Proof for Close Packing of Congruent Identical Spheres

In summary, the conversation discusses two different algorithms for calculating the density of close packed congruent identical spheres in two different arrangements: a tetrahedron with four equilateral triangular faces and a square pyramid with a square base and four equilateral triangular faces. It is found that as the number of spheres approaches infinity, the density of both arrangements equals approximately 0.74048... or π/√18. The conversation also mentions using Wolfram Alpha to verify the calculation and getting confirmation from Dr. Thomas C. Hales, who proved the Kepler Conjecture. The final question is to provide a proof that the two algorithms are equal as n approaches infinity. The expert provides a summary of the proof and explains that it is sufficient to
  • #1
  • A tetrahedron with four equilateral triangular faces, and
  • A square pyramid with a square base and four equilateral triangular faces, as shown below.

tetrahedral ball stack w- n=3.jpg

Figure 1. Tetrahedral ball stack.
pyramidal ball stack.jpg

Figure 2. Square pyramidal ball stack.

Here are the Excel-friendly algorithms (n = number of spheres along bottom row):

Density of Tetrahedral Stack (Dt):

Dt = (4*(2^0.5)*n*(n+1)*(n+2)*Pi())/(3*(2*n+2*3^0.5-2)^3 or

Dt equation.jpg
(1)

Density of Square Pyramidal Stack (Dp):

Dp = ( n*(1+n)*(1+2*n)*Pi())/(3*((1+(2^0.5*n)))^3) or

Dp equation.jpg
(2)

I found that, as the number of spheres approaches infinity for both arrangements, that Dt = Dp = ≈ 0.74048... or π/√18.

I resorted to Wolfram Alpha with the following query:

Dt limit.jpg
=
Dp limit.jpg
(3)

and got the following result:

Wolfram Proof RTC = SPC.jpg
(4)

True!

I then forwarded my calculations to Dr. Thomas C. Hales, who proved the Kepler Conjecture, asking him if Dt = Dp was correct, and he responded, saying,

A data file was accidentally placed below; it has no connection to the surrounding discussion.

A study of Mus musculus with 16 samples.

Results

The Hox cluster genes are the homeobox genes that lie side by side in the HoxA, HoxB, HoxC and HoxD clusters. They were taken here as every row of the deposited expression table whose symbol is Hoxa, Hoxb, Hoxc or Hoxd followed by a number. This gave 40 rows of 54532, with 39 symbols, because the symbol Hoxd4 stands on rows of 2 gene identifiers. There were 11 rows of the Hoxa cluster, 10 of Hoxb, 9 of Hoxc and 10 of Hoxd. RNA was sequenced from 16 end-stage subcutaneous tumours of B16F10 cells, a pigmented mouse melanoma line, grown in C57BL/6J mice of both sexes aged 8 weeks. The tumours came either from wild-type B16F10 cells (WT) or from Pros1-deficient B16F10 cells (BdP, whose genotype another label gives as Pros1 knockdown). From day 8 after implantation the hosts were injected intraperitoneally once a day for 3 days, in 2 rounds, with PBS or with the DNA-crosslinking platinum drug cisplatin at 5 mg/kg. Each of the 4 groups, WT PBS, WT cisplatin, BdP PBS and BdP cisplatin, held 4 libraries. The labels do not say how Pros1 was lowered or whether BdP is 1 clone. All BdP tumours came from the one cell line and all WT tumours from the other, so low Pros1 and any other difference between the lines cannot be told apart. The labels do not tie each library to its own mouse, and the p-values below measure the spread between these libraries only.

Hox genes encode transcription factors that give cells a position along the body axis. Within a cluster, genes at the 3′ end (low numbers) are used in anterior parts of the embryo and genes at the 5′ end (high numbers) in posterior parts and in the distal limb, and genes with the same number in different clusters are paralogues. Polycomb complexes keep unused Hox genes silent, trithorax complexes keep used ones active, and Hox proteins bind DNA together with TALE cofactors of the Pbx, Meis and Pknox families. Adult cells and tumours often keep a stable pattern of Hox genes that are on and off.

"The reason for the equal densities in a tetrahedron and square pyramid is that they can both be viewed as part of the face-centered-cubic packing, each with a different set of exposed facets."

My question to you is this: can you provide a detailed proof that (1) = (2) as n→∞, i.e., that
Dt equals Dp.jpg
is true?


Thanks for any input!

Fizixfan.
 
You get the equality of the limits by calculating the coefficients of the highest power ##3## of ##n##. It is sufficient to see that
$$\frac{2 \pi n^3}{3 \cdot \sqrt{2}^3 n^3} = \frac{4 \pi \sqrt{2} n^3}{3 \cdot 2^3 \cdot n^3}$$
because all other terms don't grow as fast (and division of the complete fractions by ##n^3## (nominator and denominator) gives ##\frac{1}{n}## terms which become zero at infinity).
 

Close packing of spheres is the arrangement of identical spheres in a way that maximizes the use of space. This means that there is little to no empty space between the spheres, resulting in a tightly packed structure.

2. How is close packing of spheres achieved?

Close packing of spheres can be achieved by arranging the spheres in a hexagonal or cubic pattern. In a hexagonal pattern, each sphere is surrounded by six other spheres, while in a cubic pattern, each sphere is surrounded by eight other spheres.

3. Why is close packing of spheres important?

Close packing of spheres is important in many fields, including materials science, chemistry, and physics. It can help us understand the properties of materials and how they behave under different conditions. It is also important in the design of structures, such as crystal lattices and foams.

4. What is the proof for close packing of spheres?

The proof for close packing of spheres is based on the Kepler conjecture, which states that the densest possible arrangement of equal spheres in 3-dimensional space is achieved at a ratio of 74.05%. This was proven by Thomas Hales in 1998 using mathematical techniques and computer algorithms.

5. How is close packing of spheres used in real life?

Close packing of spheres has many practical applications in our daily lives. It is used in the design of packaging materials, such as Styrofoam and bubble wrap, to protect fragile items during shipping. It is also used in the production of metals and ceramics, as well as in the construction of buildings and infrastructure.